Top Takeaways from the Fireside Chat: The Future of Child Care with Rep. Ro Khanna and Wendy Doyle - Early Learning Nation

Top Takeaways from the Fireside Chat: The Future of Child Care with Rep. Ro Khanna and Wendy Doyle

While we’re taking Early Learning Nation Studio on the road less often during the pandemic, we’re offering recaps—Top Takeaways—from important conversations, town halls, webinars and virtual events from the Early Learning field. Visit our Early Learning Nation channel on YouTube for interviews with leaders from education, child development, business, politics and more.

On Tuesday, September 19, Capita hosted a “virtual fireside chat” with Ro Khanna, (D.-Cal.) and Wendy Doyle, president and CEO of United WE. Elliot Haspel, Capita’s director, Climate and Young Children (and Early Learning Nation columnist) hosted the conversation.

In bluntly stating, “The system we have doesn’t work,” Rep. Khanna made clear that short- and long-term solutions to the child care crisis require government support. Haspel agreed, contending, “This is an issue that affects all Americans.” Doyle announced the formation of a National Child Care Commission of industry leaders, set to launch in early November.

Here are our takeaways:

1.The math does not work. It will never work.” Haspel quoted Annie Lowrey’s October 2022 Atlantic essay—“The Reason Child Care Is So Hard to Afford”—to underscore the impossibility of a child care system without substantial public investment. Among the far-reaching consequences enumerated by Doyle: family planning is being put on hold and birth rates are dropping.

Rep. Khanna said the cost of care is piled atop the nation’s “affordability crisis” of everyday items. Without support for child care workers and for quality child care, he said, families can’t move where they want and can’t take advantage of career opportunities.

“The American Dream is slipping away for a lot of people,” he said. The solution is what he referred to as “New American Patriotism,” which would bring about more good jobs that pay family-supporting wages and bring costs down for housing, health care, child care and education.

👉 Over Half of Families Spend More Than 20% of Income on Child Care (First Five Years Fund)

2. Women bear the brunt of the cost. The child care workforce is overwhelmingly female. In heterosexual couples, the woman is far more likely to make career sacrifices to meet child care needs. Women’s salaries are 83.7% of men’s, and women make up just over a quarter of Congress. Doyle highlighted one route toward equity: United WE’s Appointments Project, which empowers women and strengthens communities by improving the gender diversity of civic boards and commissions.

Another step would be paid family leave.  “Every other industrialized country has it,” Doyle stated. While Rep. Khanna appreciates the steadfast work of Senators Elizabeth Warren and Patty Murray, he maintained, “Child care can’t just be a women’s issue. This is an American economic issue.” Bipartisanship is also vital, and he credited Nancy Mace (R.- S.C.) for joining forces with him to form the Bipartisan Child Care Caucus.

👉 85% of women say they are unemployed because they are caring for a child, compared to just 15% of men (Newsweek)

3. The most important years demand investment. The evidence for nurturing young minds is clear, and nobody has presented it more compellingly than Nobel Laureate James Heckman. Rep. Khanna called it a “critical issue to the future of this country” and lamented the number of children starting kindergarten “at huge a disadvantage.” Citing Heckman, he argued that nutrition, education and loving care are predictive of college and family success.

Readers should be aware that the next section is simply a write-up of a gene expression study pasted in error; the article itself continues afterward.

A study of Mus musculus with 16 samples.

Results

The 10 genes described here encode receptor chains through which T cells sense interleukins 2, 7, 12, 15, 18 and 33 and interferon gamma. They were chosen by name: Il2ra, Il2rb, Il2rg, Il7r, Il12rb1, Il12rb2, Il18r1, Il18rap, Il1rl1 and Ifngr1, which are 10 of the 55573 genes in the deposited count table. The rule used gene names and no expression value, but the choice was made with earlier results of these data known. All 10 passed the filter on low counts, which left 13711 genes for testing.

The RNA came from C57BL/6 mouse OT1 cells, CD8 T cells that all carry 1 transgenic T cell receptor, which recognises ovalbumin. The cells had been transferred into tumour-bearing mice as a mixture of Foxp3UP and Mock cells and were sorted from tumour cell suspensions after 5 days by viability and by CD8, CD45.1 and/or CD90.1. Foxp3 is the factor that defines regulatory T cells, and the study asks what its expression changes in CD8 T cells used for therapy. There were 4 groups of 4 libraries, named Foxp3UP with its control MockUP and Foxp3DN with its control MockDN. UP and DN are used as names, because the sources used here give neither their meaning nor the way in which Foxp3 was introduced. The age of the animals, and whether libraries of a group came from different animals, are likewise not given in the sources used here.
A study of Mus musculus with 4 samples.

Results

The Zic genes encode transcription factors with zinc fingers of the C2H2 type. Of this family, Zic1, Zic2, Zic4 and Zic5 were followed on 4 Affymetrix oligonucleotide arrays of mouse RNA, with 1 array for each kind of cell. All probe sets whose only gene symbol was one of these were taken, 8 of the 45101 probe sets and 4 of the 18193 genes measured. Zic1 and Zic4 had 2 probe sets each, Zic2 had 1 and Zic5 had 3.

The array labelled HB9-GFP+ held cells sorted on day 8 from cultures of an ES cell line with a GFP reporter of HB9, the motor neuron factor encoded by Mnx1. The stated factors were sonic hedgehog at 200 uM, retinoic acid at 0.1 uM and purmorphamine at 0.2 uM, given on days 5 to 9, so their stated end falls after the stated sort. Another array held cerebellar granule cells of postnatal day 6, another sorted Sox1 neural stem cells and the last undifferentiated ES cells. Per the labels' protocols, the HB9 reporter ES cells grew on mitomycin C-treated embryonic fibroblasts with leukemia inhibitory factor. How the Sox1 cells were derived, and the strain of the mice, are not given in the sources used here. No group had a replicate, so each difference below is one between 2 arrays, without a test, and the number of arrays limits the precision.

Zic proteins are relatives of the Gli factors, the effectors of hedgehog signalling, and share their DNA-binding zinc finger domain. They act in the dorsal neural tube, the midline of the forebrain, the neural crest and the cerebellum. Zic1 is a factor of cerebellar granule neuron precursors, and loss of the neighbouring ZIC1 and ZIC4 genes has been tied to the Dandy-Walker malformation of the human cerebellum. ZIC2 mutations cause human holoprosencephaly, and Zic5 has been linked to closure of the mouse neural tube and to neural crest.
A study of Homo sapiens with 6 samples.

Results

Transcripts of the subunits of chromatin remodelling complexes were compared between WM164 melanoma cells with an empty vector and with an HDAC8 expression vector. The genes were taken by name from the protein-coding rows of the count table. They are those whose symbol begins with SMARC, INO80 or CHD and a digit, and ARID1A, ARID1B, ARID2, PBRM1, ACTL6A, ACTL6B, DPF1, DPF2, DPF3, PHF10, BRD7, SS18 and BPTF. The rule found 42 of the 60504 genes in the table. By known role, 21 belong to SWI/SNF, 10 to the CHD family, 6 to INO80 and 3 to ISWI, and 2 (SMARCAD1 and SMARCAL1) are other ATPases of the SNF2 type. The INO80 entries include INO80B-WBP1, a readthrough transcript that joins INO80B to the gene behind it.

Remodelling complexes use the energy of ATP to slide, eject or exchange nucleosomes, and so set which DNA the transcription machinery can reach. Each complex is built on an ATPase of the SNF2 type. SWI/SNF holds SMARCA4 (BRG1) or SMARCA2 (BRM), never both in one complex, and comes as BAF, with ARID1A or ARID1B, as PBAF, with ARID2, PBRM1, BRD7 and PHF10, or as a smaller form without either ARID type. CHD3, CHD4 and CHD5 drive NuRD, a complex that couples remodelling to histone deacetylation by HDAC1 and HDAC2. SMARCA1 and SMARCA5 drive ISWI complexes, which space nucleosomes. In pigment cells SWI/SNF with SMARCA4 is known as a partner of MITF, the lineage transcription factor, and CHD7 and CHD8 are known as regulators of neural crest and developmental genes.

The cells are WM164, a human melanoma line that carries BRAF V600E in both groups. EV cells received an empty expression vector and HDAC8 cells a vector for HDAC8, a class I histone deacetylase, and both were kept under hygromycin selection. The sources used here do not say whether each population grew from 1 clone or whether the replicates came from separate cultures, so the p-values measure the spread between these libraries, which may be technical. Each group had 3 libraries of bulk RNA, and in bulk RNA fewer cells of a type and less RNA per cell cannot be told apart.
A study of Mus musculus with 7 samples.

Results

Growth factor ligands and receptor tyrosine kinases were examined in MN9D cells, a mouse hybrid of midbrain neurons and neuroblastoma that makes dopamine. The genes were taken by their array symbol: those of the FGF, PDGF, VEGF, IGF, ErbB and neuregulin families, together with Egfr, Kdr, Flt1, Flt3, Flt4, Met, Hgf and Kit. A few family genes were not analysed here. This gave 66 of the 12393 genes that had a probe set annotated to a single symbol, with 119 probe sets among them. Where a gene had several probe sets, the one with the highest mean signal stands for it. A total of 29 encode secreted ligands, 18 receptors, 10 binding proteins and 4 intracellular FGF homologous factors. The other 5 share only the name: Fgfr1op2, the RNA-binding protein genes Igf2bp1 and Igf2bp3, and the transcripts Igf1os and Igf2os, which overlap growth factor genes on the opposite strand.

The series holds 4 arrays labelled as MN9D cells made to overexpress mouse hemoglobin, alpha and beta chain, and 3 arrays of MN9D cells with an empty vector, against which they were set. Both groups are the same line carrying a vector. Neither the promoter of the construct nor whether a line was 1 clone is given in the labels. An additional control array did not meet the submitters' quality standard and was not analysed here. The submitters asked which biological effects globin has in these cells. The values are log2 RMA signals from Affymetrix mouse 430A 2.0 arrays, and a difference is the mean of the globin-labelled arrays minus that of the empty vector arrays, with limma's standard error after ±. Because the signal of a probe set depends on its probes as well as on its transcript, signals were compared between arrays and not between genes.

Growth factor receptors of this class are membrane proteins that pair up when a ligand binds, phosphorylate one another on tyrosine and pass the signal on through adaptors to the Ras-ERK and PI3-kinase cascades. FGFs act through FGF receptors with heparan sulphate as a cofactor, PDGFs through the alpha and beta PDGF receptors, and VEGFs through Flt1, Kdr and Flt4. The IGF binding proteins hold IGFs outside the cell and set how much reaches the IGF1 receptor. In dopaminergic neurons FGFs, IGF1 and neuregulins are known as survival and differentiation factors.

In addition to government funding, Doyle called for more public-private partnerships, saying, “It’s going to take all of us.” United We’s National Child Care Commission will conduct a national survey of women business owners to understand the child care challenge. A state-by-state review of licensing requirements is also planned, with the goal of cutting red tape and supporting entrepreneurship.

👉 OPINION: How a Faulty Generalization is Sabotaging Early Childhood Policy

4. A fix for the short term. With federal funding expiring at the end of September for 70,000 centers, addressing the child care cliff was the first order of business for the panel. Haspel predicted that fee increases are going to come before closures, saying, “Even as we’re fighting for systemic change, we need short-term solutions.”

Rep. Khanna pointed out that this moment coincides with partisan tussles over the federal budget and encouraged viewers to advocate on behalf of the Child Care Stabilization Act, which would provide $16 billion in mandatory funding each year for the next five years. Doyle called it “interim funding while we come up with systems.”

👉 Universal Child Care Neither New Idea Nor Unprecedented

5. A fix for the long term. Ultimately, every U.S. family with young children should have access to quality care. The system we develop may or may not resemble our public K-12 schools, but the moderator and panelists agreed that freedom to choose what’s right for your child is essential.

Rep. Khanna admitted that his ambitious proposal to send families $10 per day (which amounts to $2,400 per year) would take years to come into fruition, but he reminded the audience that the country had a similarly ambitious program during World War II. He further clarified that the money would also go to stay-at-home parents, who have what he called “the hardest job there is.”

Early Learning Nation columnist Mark Swartz writes for and about nonprofit organizations. Author of the children's books Werner Herzog Eats His Shoe, Lost Flamingo, Magpie Bridge and The Giant of the Flood as well as a few novels, he lives in Takoma Park, MD, with his wife and two children.